MLK memorial dedication postponed
(AP, ABC7) - A planned weekend dedication of the Martin Luther King Jr. Memorial on the National Mall has been postponed until September or October as approaching Hurricane Irene dashed hopes of paying tribute to the late civil rights activist on the 48th anniversary of his "I Have a Dream" speech, organizers said Thursday.
“We are announcing in the interest of public safety that we are forced to change our plans,” said Harry Johnson Sr., president of the memorial project foundation.
Executive architect Ed Jackson Jr. told The Associated Press in an email statement that the hurricane bearing down on the East Coast had forced the postponement of the dedication originally planned for 11 a.m. Sunday. President Barack Obama was to have been one of the scheduled speakers at beside the King sculpture erected on a 4-acre site in the nation's capital.
As King's Alpha Phi Alpha fraternity brothers held their final ceremony at the front of the venue, workers at the back were removing thousands of chairs set out for the dedication.
"We'll just have to come another time because we can't do anything about Hurricane Irene, that's God's work,” said Roy Hadley, in town from Altanta, Ga.
"I can appreciate the fact that they're not going ahead and putting all of us in the middle of a hurricane,” Nicole Ward said.
"Get ready Mr. Lincoln, there's a new neighbor and we all come to help him move in," Al Sharpton said to laughs.
The alphas led a procession to the memorial, with Dr. King's daughter Bernice and sister Christine among them. Many said getting to see the memorial was most important to them.
Johnson, the president of the foundation that built the memorial, said at a news conference Thursday that he decided to postpone the dedication after studying the weather forecasts indicating Irene would potentially make weather conditions unsafe for visitors. He also said a Saturday black-tie gala event has been postponed.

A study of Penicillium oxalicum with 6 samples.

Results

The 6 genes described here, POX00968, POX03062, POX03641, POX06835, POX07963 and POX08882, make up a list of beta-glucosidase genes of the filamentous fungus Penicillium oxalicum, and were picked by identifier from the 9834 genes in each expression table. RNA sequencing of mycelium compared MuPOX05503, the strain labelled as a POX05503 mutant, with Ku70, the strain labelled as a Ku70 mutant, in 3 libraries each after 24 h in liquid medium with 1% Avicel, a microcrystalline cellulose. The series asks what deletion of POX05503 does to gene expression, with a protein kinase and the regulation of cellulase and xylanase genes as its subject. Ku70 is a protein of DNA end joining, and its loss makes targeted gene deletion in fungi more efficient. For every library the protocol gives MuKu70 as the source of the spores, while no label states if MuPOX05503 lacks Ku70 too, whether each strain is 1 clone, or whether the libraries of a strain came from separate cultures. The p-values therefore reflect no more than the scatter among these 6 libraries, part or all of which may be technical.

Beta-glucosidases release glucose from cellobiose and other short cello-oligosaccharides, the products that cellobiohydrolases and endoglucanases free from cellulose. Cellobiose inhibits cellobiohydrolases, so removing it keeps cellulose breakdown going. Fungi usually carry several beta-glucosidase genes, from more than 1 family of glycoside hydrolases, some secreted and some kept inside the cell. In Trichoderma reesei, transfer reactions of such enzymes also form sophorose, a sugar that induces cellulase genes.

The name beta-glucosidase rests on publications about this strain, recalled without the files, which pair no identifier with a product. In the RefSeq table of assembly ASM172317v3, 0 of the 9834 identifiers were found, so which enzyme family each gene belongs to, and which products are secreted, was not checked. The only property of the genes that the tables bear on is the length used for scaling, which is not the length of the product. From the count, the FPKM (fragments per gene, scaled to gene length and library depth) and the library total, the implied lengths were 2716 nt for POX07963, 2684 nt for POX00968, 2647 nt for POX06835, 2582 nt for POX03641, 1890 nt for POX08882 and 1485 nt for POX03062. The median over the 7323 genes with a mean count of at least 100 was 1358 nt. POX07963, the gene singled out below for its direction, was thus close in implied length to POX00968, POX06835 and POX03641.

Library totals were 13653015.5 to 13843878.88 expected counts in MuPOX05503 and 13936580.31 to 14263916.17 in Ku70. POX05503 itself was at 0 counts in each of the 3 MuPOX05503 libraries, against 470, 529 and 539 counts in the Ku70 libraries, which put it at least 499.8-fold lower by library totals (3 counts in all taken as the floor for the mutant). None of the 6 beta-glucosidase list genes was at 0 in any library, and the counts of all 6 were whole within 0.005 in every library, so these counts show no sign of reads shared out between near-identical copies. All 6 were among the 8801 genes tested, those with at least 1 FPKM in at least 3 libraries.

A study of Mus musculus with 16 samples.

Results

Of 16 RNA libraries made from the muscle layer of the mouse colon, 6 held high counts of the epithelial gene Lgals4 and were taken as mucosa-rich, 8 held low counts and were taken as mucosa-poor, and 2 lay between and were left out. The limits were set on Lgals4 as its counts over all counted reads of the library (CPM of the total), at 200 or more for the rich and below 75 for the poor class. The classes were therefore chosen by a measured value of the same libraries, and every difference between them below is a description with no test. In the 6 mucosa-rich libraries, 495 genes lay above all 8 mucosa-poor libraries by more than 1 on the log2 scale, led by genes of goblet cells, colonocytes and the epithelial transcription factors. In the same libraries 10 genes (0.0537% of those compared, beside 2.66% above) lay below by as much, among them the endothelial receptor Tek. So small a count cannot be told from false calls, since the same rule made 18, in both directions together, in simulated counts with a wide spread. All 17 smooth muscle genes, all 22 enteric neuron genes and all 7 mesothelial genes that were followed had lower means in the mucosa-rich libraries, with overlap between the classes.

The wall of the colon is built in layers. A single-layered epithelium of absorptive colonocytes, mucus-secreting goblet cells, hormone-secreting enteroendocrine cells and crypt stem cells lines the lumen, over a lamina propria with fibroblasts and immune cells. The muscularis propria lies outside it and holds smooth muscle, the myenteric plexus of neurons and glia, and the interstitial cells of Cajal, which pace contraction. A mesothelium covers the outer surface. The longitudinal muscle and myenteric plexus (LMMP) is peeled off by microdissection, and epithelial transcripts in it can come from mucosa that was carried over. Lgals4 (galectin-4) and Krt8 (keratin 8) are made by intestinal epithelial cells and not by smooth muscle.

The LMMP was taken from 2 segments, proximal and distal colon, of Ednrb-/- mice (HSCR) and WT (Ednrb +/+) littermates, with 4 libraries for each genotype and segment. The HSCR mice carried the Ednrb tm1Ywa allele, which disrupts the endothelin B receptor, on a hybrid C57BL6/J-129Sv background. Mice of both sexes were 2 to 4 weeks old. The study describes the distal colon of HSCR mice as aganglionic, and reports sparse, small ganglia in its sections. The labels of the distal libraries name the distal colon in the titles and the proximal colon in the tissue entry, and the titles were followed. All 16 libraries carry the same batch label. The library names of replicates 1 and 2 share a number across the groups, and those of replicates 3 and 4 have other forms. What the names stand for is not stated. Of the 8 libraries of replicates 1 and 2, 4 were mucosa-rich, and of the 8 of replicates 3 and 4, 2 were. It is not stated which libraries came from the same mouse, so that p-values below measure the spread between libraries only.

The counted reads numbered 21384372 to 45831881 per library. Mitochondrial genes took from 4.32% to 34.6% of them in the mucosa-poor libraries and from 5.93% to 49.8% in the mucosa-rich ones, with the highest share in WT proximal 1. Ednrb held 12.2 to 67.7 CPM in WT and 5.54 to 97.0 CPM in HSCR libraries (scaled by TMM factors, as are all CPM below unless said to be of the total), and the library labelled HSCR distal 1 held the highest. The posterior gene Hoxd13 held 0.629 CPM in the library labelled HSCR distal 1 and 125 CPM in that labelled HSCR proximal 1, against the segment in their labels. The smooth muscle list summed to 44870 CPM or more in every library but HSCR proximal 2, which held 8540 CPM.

"We all are saddened by this. I remained optimistic all day, but Mother Nature is Mother Nature," Johnson said at a news conference called at the Washington Convention Center.
But he added, "The memorial is going to be there forever."
An estimated 20,000 people had come from all over the country to attend. Despite their sadness, they agreed safety should be first.
“I was truly looking forward to it. I'm very disappointed,” said Patricia McDougall-Matthews of the Martin Luther King Jr. committee.
“It's a labor of love, and we understand the decisions, and we'll just have to go with it as it happens,” said Wilfred Green who had come into town from Texas.
Just hours earlier, the memorial project president had insisted the show would go on even after reporters questioned his decision. He says he changed his mind when he saw hurricane forecasts.
The National Park Service will open the Memorial on Friday from noon to 10 p.m. and on Saturday, Aug. 27, from 8 a.m. to 10 p.m., weather permitting. Depending on the effects of Hurricane Irene, the park service will open the Memorial permanently to visitors on Monday, Aug. 29, from 9 a.m. to 10 p.m.
Metro says its system will open at the regular weekend time of 7 a.m. Additional personnel will be on hand to respond to weather events.
The forecasts threatened heavy winds and rains in Washington as Irene was expected to take an unpredictable path up the East Coast this coming weekend, the weather service said.
Organizers had previously said they expected to draw up to 250,000 people for what was to have been a tribute and celebration of the King legacy. The memorial was to have been dedicated on the 48th anniversary of King's famous speech delivered less than a mile away on the steps of the Lincoln Memorial.
The hurricane was only the second disruption or organizers who also had to contend with a rare East Coast earthquake on Tuesday.
The 5.8-magnitude earthquake that caused a crack on the upper part of the Washington Monument had forced organizers to change a venue for a Saturday event celebrating the memorial's dedication. An interfaith service had been planned Saturday the National Cathedral, but that landmark building suffered damages from falling capstones from the quake centered in neighboring Virginia.